Volokh Authors First Amendment Article for Britannica; UCLA Scholar Explains History and Significance of Bill of Rights Headliner



The history, meaning and changing interpretations of the First Amendment to the U.S. Constitution are the subjects of a new article in the Encyclopaedia Britannica by the eminent constitutional scholar Eugene Volokh.

Volokh, who is the Gary T. Schwartz professor of law at the University of California, Los Angeles, has written a 3,200-word primer on the most famous constitutional amendment and that brief statement of law that serves as the cornerstone of several of Americans’ most cherished rights: the freedoms of speech, religion, the press, assembly and the redress of grievances.

For all its fame and mythic stature, however, the First Amendment has also been subject to endlessly changing cultural and legal interpretations and been the flashpoint of conflicts over church-state relations, the limits of free speech and the responsibilities of the mass media.

To help readers make sense of it all, Volokh’s article surveys the changing historical arguments and legal findings surrounding the First Amendment. It seeks to clarify several aspects of the constitutional freedoms set forth in the amendment around which confusion often arises, such as whether there is in fact a “wall of separation between church and state,” in Thomas Jefferson’s words, and what the nature and thickness of that wall really is. In an interview with Britannica executive editor Michael Levy that appears today on the Britannica blog, Volokh explores these issues further.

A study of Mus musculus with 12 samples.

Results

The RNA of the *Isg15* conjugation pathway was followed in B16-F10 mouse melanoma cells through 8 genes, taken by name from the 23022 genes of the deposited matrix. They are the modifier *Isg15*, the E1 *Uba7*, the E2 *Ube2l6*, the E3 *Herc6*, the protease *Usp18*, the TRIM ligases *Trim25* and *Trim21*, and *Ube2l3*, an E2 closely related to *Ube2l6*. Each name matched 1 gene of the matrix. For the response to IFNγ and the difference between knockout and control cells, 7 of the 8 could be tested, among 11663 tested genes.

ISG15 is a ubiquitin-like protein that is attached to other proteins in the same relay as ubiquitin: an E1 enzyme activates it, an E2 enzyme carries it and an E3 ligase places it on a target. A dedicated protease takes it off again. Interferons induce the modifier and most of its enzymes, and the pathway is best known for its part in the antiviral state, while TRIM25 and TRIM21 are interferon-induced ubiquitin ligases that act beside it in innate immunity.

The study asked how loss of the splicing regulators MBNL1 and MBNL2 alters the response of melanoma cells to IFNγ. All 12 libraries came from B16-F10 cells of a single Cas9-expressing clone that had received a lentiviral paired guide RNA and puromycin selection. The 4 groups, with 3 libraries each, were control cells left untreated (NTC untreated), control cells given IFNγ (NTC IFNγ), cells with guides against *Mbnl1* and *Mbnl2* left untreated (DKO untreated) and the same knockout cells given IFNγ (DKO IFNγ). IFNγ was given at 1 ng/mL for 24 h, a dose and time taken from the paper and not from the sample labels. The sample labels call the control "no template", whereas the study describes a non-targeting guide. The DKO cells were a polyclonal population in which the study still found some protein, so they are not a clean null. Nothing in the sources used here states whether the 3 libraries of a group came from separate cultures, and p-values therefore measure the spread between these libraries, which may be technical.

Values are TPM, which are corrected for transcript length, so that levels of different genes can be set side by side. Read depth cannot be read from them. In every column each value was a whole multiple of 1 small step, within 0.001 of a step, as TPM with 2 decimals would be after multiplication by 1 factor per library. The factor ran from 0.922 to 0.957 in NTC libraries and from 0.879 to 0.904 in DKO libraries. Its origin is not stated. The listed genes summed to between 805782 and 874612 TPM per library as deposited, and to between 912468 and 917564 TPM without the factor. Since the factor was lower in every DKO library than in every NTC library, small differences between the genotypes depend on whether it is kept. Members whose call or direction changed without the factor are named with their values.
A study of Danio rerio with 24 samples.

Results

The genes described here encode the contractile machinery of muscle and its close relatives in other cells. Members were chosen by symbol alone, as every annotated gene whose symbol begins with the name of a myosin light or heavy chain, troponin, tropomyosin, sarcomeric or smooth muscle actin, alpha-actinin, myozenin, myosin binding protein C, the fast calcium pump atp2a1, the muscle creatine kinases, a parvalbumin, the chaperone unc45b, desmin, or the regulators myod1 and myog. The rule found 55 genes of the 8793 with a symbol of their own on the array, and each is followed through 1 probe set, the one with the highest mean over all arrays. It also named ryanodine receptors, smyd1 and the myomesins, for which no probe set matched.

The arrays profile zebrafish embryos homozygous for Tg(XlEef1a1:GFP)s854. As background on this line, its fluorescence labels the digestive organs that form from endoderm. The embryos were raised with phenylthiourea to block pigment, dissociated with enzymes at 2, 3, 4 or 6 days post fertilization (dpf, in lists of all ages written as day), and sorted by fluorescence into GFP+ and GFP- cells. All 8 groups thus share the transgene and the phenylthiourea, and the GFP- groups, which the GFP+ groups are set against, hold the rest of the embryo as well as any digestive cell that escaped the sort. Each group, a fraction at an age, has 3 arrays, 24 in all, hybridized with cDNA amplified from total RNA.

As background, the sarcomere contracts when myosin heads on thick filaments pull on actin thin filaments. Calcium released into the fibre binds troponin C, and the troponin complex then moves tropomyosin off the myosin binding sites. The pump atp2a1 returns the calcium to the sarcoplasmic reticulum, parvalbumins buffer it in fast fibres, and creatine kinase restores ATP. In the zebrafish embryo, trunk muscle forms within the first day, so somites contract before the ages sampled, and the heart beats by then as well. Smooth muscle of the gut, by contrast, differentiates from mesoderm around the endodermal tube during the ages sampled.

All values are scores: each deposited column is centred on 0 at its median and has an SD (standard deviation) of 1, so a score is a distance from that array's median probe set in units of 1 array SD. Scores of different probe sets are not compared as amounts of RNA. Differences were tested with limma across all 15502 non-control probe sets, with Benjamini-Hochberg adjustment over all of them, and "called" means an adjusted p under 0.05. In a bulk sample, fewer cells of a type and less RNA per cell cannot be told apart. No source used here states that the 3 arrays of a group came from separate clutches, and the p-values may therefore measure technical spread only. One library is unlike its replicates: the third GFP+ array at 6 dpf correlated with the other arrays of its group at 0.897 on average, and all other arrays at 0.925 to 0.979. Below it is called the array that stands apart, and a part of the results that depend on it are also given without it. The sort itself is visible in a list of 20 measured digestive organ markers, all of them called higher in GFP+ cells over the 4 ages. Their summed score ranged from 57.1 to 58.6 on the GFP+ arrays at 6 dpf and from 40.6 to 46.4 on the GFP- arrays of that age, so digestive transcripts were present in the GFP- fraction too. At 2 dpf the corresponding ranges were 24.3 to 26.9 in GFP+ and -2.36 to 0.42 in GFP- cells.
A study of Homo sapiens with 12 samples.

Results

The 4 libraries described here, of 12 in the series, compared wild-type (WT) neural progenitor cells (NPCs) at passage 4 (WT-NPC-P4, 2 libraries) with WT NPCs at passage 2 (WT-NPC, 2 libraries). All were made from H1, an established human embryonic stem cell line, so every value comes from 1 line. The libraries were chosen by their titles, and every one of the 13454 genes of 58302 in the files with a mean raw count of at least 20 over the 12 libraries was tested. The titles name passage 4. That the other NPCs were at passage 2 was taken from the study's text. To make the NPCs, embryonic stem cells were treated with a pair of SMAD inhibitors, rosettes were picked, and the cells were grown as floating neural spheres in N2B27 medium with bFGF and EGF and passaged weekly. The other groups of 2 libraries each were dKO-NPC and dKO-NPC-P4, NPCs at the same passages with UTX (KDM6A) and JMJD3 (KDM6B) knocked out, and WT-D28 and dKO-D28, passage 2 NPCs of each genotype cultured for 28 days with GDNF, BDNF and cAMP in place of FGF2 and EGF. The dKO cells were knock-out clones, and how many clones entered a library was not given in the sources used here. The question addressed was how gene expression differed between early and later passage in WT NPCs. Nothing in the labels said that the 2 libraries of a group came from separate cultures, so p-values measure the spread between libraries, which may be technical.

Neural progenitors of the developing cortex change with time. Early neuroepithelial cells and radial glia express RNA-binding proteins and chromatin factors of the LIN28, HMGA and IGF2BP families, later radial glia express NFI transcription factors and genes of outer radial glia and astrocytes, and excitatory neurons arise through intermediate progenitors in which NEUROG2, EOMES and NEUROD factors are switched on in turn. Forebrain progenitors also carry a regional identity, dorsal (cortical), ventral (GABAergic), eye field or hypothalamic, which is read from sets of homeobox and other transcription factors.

“The history, the conflicts, and the legal and social thought surrounding those few words in the First Amendment are vast,” said Levy. “We turned to Professor Volokh because he was the ideal writer to explain it all in a way that’s both scholarly and accessible. He’s succeeded at that, and we’re proud to have his article in the encyclopedia.”

Volokh is the author of several books, including “The First Amendment and Related Statutes,” and “The Religion Clauses and Related Statutes.” He blogs at The Volokh Conspiracy.

About Encyclopaedia Britannica
Encyclopaedia Britannica, Inc. is a leader in education publishing whose products can be found in many media, from the Internet to wireless devices to books. A pioneer in electronic publishing since the early 1980s, the company markets a variety of encyclopedias and other reference works, curriculum products for schools, language-study courses and other learning products, many of which are available online at http://www.britannicastore.com/. Britannica is also active on Twitter and Facebook. The company makes its headquarters in Chicago.